Your and My Secret Volume 1 by Ai Morinaga (amazon)
Your & My Secret is the craziest gender-bending manga I have ever read. Granted, I have not investigated the genre throughly, but it seems like it would be very hard to top this book. I can see now why people were so excited when Tokyopop picked up the license for this manga after ADV dropped it!
Akira is a cute guy, but he has an extremely dull personality. He’s very shy and passive, so people generally tend to walk all over him, or ignore him as a non-entity. Akira has a crush on Nanako, who is a cute girl, but she’s extremely abrasive and aggressive, to the point where most of her classmates are afraid of her. Thanks to a scientific experiment gone awry, Nanako and Akira switch bodies.
Nanako delights in her new male body, seizing the opportunity to slam dunk and sign up for karate. When Nanako’s best friend Shiina is sick during P.E., she picks her up and carries her to the nurse’s office. The result of the personality switch is that everyone is impressed with the new and improved Akira, and Shiina quickly develops a crush on him, not knowing that her female friend Nanako is inhabiting his body.
In the meantime, Akira struggles with inhabiting the body of the girl he has a crush on, dealing with changing in locker rooms, and cleaning up her pigsty of a room. Akira’s best friend Senbongi starts to notice the new, shyer Nanako and wonders why she suddenly seems more cute. Akira thinks that he’s turning more girly the longer he stays in Nanako’s body. Soon, Nanako decides to start dating Shina while Senbongi is making passes at Akira.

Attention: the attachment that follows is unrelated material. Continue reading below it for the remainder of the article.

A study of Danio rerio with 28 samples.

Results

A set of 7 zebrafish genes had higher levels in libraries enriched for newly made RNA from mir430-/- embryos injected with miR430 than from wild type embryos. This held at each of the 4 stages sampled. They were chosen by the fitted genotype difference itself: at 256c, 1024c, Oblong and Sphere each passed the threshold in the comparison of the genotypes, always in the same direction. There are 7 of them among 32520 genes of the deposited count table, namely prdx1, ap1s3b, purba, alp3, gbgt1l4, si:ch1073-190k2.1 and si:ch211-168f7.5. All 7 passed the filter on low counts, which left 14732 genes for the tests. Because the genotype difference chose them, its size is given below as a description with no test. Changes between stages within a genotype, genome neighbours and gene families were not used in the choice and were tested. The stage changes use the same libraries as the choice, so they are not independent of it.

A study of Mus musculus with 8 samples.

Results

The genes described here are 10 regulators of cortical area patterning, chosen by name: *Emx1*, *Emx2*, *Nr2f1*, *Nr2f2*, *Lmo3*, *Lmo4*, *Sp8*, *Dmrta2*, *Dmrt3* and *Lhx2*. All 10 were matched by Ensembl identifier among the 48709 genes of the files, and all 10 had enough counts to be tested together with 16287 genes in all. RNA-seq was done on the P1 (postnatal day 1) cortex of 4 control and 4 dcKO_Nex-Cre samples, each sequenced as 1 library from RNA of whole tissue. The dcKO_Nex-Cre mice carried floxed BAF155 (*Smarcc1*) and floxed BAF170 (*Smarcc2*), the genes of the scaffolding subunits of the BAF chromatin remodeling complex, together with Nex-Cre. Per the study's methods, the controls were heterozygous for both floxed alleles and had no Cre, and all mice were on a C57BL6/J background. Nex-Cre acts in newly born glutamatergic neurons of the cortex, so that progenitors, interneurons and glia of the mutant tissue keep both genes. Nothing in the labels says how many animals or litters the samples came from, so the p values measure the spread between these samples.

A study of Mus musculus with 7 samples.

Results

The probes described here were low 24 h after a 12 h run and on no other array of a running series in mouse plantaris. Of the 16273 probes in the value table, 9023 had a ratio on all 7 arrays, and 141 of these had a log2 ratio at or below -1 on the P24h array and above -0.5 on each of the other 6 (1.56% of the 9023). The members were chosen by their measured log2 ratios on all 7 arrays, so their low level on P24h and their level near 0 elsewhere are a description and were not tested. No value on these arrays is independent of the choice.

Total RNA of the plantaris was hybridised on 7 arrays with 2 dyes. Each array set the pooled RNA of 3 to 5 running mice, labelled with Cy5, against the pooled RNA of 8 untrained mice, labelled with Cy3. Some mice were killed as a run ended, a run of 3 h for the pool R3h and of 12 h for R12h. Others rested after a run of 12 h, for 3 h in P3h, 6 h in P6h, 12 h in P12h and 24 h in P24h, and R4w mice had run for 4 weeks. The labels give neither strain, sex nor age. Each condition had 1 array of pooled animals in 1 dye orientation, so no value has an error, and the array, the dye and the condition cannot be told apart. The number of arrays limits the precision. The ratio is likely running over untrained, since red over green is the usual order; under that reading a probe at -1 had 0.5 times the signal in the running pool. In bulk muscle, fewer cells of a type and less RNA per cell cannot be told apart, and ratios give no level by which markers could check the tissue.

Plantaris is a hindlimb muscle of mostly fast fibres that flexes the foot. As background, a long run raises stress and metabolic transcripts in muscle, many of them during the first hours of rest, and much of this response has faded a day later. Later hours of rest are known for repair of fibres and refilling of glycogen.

Most of the humor in the book is found in Nanako’s matter-of-fact acceptance of the shift, combined with Akira’s dismay at the female-centric situations he finds himself in. He thinks that Nanako is a better man than he is, as she quickly ingratiates herself with his family and turns into a very popular boy at school. Your & My Secret effectively satirizes the traditional gender roles found in shoujo manga.
Morninga’s art is attractive, and she easily captures the shift in body language and facial expressions that occurs when Akira and Nanako switch bodies. My only quibble with this manga is that since it is told mainly from Akira’s point of view, we don’t really see any of Nanako’s thoughts and it would have been interesting to see more of her internal emotions as she adjusts to a boy’s body. But then, Akira’s reactions to her probably wouldn’t be quite as funny.